Fresh start, old tradition

By Dong Fangyu ( China Daily ) Updated: 2015-02-14 08:03:40

Fresh start, old tradition

Chef Jacky Fan. [Photo by Feng Yongbin/China Daily]

Food is a driving force behind Chinese New Year celebrations. Dong Fangyu explores how to eat your way through the holidays.

Americans have their Super Bowl, the annual football feast that keeps a nation transfixed, and Chinese have their eight great bowls, a meal tradition that used to hold national sway, but which has become less and less common.

Just as the American game has gained wings - more than 100 million people are said to have watched the latest event on Feb 1 - some chefs in China are now looking to breathe new life into the revered eight great bowls. As Spring Festival is just around the corner, high-end hotels in Beijing are coming up with novel ideas for resurrecting traditional Chinese food culture to attract customers.

Jewel Chinese restaurant at Westin Beijing Financial Street presents the eight-bowl dishes for its Year of the Sheep dinner.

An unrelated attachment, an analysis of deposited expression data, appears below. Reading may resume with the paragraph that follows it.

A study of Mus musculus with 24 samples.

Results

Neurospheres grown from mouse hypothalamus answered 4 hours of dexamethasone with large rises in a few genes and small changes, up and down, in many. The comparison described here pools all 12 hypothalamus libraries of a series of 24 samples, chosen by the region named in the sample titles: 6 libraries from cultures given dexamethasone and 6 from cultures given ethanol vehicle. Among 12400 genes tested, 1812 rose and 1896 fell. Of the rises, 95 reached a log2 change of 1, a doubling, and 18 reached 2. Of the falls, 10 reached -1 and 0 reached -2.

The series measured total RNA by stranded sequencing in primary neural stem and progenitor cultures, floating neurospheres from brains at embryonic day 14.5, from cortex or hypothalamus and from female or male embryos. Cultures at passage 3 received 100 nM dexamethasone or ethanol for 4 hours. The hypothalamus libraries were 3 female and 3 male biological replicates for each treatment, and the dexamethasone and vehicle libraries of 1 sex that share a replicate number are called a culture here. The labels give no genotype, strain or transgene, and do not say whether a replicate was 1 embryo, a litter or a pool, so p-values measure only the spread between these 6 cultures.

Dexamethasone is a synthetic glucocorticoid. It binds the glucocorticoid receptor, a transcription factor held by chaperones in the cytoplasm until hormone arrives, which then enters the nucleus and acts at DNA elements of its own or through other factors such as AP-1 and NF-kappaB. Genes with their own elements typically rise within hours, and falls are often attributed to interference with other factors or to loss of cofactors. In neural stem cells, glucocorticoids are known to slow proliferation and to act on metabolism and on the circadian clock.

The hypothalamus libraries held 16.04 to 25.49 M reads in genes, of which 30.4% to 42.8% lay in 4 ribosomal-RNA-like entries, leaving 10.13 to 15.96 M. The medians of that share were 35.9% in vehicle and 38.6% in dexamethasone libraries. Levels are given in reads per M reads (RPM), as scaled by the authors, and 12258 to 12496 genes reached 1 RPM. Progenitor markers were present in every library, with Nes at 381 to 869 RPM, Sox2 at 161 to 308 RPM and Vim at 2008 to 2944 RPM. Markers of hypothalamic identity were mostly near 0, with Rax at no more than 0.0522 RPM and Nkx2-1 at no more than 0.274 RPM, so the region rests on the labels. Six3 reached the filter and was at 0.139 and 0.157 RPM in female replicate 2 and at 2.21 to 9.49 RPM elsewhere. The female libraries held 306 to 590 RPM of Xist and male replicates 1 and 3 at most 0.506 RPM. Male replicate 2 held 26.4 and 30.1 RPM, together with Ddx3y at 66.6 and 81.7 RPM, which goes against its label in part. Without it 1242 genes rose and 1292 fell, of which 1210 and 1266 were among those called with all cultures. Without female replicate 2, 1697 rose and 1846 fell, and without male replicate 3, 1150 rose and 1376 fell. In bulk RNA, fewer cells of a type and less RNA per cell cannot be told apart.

This is the perfect time of year to do it, given that eight bowls used to be traditional fare for families on important occasions since Qing dynasty (1644-1911). Though the food tradition is less common in urban families, the folk practice is still embraced in some rural parts of China.

Chef Jacky Fan, 41, executive chef of Jewel Chinese restaurant, says that within the modern art of Chinese cooking, old Chinese traditions are making a comeback. "Spring Festival banquets at hotels tend to go more culture-oriented, and family-style, instead of focusing on the expensive and exotic ingredients," he says.

The eight-bowl banquet has many variations. There is no set rule for what should be included in the eight bowls. But eight cold dishes and eight warm ones, involving the various Chinese cooking techniques, are usually prepared, says Fan. After all, the concept of having eight bowls stands for a lucky number and a happy reunion.

One of the eight-bowl dishes that will be on Jewel's menu is Four-Joy Meatballs, which are minced pork balls, each with a whole egg wrapped inside. The "Four-Joy" has many interpretations. Some believe it means having good fortune, prosperity, longevity and happiness.

Nian gao, the Chinese New Year cake made from glutinous rice, once didn't appeal to refined diners at luxurious hotels, but it's a hot ticket now. Eating nian gao (literally translated as "year higher" in Chinese), has been a tradition among Chinese families - the practice is believed to improve your luck in the forthcoming year.